Should I Form a Partnership or a Corporation?

  • Edited By: Bronwyn Harris
  • Last Modified Date: 09 November 2019
  • Copyright Protected:
    Conjecture Corporation

Factors to consider before you choose between a partnership or a corporation include the benefits of each option along with the common disadvantages. The main perk of starting a corporation is that the company will stand as its own entity. This means that owners, or stockholders as they are called in a traded company, are not responsible for debt incurred by the business. For instance, if a corporation becomes seriously indebted, the collectors cannot go after individual stockholders. In a partnership, however, the business and owners are tied in together.

Corporations also do not have to pay the typical self-employment taxes that partnerships must pay. This means that if a corporation earns a certain amount of money, only the amounts paid in salary are eligible for taxation. Money considered profit is not held under the same tax laws, which often saves the business money.


Others things to consider when choosing between a partnership or a corporation are the benefits of a partnership. In general, partnerships cost a lot less to start than corporations. Corporations require filing fees, formation fees, and annual state fees. Partnerships, on the other hand, generally do not require the same level of licensing and filing requirements as a corporation does. This makes starting one both faster and less expensive.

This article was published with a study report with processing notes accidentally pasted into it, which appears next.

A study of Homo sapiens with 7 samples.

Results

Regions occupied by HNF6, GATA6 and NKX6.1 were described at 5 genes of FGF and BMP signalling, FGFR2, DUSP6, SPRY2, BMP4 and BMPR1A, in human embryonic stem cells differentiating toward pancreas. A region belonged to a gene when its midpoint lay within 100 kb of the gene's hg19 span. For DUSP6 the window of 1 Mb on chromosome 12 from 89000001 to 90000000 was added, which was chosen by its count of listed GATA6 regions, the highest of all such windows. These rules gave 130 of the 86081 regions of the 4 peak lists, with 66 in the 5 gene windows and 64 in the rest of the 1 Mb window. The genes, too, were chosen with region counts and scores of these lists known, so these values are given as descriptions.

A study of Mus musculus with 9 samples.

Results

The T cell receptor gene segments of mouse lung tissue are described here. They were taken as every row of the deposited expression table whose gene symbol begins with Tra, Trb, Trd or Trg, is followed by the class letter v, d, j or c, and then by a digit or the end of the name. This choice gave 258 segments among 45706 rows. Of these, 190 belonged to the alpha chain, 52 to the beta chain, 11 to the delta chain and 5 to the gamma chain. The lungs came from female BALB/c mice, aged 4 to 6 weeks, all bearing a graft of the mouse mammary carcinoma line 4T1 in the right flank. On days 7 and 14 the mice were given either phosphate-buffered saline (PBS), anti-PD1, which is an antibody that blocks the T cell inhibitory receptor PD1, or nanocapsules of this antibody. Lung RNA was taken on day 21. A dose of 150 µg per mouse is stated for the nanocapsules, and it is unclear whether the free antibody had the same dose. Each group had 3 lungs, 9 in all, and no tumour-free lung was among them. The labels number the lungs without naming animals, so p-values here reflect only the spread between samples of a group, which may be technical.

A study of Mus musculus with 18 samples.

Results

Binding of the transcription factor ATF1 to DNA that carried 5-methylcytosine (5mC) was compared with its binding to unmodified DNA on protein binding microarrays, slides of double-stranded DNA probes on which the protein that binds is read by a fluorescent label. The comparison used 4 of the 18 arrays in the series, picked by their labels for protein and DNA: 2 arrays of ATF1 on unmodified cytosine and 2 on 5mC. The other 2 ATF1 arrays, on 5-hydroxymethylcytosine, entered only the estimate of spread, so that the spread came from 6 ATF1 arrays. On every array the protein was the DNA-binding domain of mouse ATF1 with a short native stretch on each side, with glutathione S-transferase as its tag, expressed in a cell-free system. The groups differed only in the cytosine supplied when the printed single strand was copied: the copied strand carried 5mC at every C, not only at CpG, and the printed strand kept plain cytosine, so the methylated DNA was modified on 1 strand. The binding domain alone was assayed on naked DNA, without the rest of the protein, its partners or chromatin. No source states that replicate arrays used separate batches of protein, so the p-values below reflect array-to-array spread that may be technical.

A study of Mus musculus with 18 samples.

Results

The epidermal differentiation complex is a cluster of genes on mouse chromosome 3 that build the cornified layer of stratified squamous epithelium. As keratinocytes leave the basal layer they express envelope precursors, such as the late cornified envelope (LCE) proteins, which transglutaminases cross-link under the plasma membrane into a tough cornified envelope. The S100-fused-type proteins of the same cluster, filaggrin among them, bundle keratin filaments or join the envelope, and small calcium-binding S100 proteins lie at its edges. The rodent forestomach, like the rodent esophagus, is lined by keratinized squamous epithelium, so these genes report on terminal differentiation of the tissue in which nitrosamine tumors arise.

There are also fewer legal formalities when starting a partnership. Common formalities of owning a corporation include holding shareholder meetings, forming and consulting with a board of directors, and reporting income statements and potential changes in policy for a vote. Partnerships do not have these formalities because the business is privately owned by the original partners.

As you continue to think about your decision between a partnership or a corporation, weigh all of these pros and cons of each option. If you intend to start a small “mom and pop” operation selling homemade goods or if you are starting an online business, you may choose to start a partnership to get things moving as quickly and inexpensively as possible. Larger operations may benefit from the protection and publicly traded funds a corporation has to offer. Oftentimes, owners will start their businesses as a partnership and incorporate at a later date as things grow.